In this two-part article we’ll be dispelling some of those concerns first time medical marijuana users, or those close to users, have. First thing’s first, don’t believe everything you hear, or you’ve seen in stoner movies – cannabis has undergone decades of misinformation and government propaganda. Much of this can be traced back to the “Reefer Madness” era of the 1930s and the Nixon administration’s “War on Drugs”.
Thankfully in the last few years, attitudes are beginning to change and the perception of marijuana is becoming more holistic, returning to its natural roots. As part of this shift, people are calling out for more information on cannabis than ever. In this first installment, we’ll be answering questions around cannabis effects on medical conditions and prescription drugs.
Will it interfere with my other medications?
Quite simply, it depends upon the medicine. The main contraindication is with some types of opioids, although there are other, more moderate interactions with some over-the-counter medications. However, some people have used cannabis in order to stop or reduce their intake of antidepressants, painkillers, amphetamine-based ADHD medications and other potentially addictive pharmaceuticals. Benzodiazepines are another drug class cannabis may interfere with. Cannabidiol (CBD) in particular seems to interact with the processing of many drugs, as it desensitizes the liver enzyme cytochrome P450 (CYP 450).
Where there is not enough information is if cannabis has negative reactions to life-saving medications, for example, anti-rejection tablets for organs and the like, although due to the effect cannabinoids have on downregulating the immune system, it is theoretically possible that cannabinoids may lessen the need for anti-rejection tablets. So far, there isn’t any evidence for such an interaction, but we can only truly determine this by lifting arbitrary legal restrictions and giving scientists the ability to research cannabis properly.
What about mental health?
Where the advantages of cannabis for physical conditions are more defined, mental health is an area that is still being investigated more deeply. However, we are already seeing the positive results of cannabidiol (CBD), a cannabis compound that has shown significant benefits for mental health.
CBD has shown demonstrable neuroprotective and neurogenic effects making it an appealing for patients looking for relief from inflammation, pain, anxiety, psychosis, seizures and other conditions without getting that ‘stoned’ feeling some patients are cautious of.
High tetrahydrocannabinol (THC) strains may not be ideal for those suffering from schizophrenia. Some strains may increase anxiety, where others may beat it. There is a lot of conflicting information surrounding cannabis and mental health issues. Those who have a history of mental health problems (especially psychosis) – whether familial or otherwise – might want to avoid cannabis. For depression and anxiety, though, cannabis may prove to be helpful where antidepressants and anxiolytic medications don’t work.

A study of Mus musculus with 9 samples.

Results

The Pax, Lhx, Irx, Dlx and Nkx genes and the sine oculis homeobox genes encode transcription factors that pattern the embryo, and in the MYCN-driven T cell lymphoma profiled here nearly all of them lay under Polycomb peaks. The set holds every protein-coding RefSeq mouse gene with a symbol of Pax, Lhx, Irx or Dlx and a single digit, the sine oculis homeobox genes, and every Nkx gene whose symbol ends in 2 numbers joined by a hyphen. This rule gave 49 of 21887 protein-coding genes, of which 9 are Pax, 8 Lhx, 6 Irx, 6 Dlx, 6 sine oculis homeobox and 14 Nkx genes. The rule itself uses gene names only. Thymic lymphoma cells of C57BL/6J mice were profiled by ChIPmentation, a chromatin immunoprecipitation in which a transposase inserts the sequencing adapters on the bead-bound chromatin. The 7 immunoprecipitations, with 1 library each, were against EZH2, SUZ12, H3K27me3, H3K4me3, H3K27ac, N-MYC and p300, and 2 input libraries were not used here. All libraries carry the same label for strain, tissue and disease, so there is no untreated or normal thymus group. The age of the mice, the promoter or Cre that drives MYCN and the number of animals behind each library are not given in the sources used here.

What about strokes and heart attacks?
This area is hugely conflicted and as such more research is needed to provide certain answers. Here is what we know so far, some studies have shown that cannabis may be beneficial for stroke victims by acting as a neuroprotectant, others state that cannabis can decrease hypertension and therefore the risk of a heart attack. However, for every positive study, there is another suggesting the opposite as you can see here.
What about addiction?
There is such a thing as “Cannabis Dependence Disorder” or “Cannabis Use Disorder”, where people carry on using cannabis despite the negative effect it is having on their lives. This affliction affects approximately nine per cent of cannabis users – a far greater margin of safety than many legal medications, we might add!
However, cannabis isn’t “addictive” in the same way alcohol or opiates are (i.e. physically addictive, when going cold turkey may endanger a person’s life). The ECS (endocannabinoid system) tends to start making its own cannabinoids soon after use stops, meaning there are rarely any major withdrawal symptoms. Most people who use cannabis – even heavy users – tend to find cannabis relatively simple to just stop using.
Those who are worried about their cannabis intake ought to ask themselves “why”? Is your tolerance increasing rapidly? Is cannabis not having the medical effects you are seeking anymore? Is use interfering your life in any way? Some of these issues can be solved by switching strains, whereas some others can be helped by good diet, exercise and simply keeping occupied!
If we are to treat cannabis as a medicine, we must also realise that it may have negatives as well as positives – just like any medicine can. Some people may be allergic, others may find that using cannabis affects their other medications (even if it doesn’t for others), and some people may just plain not like cannabis or find it effective. However, once again, these are questions we will not know the answer to unless we stop restricting research.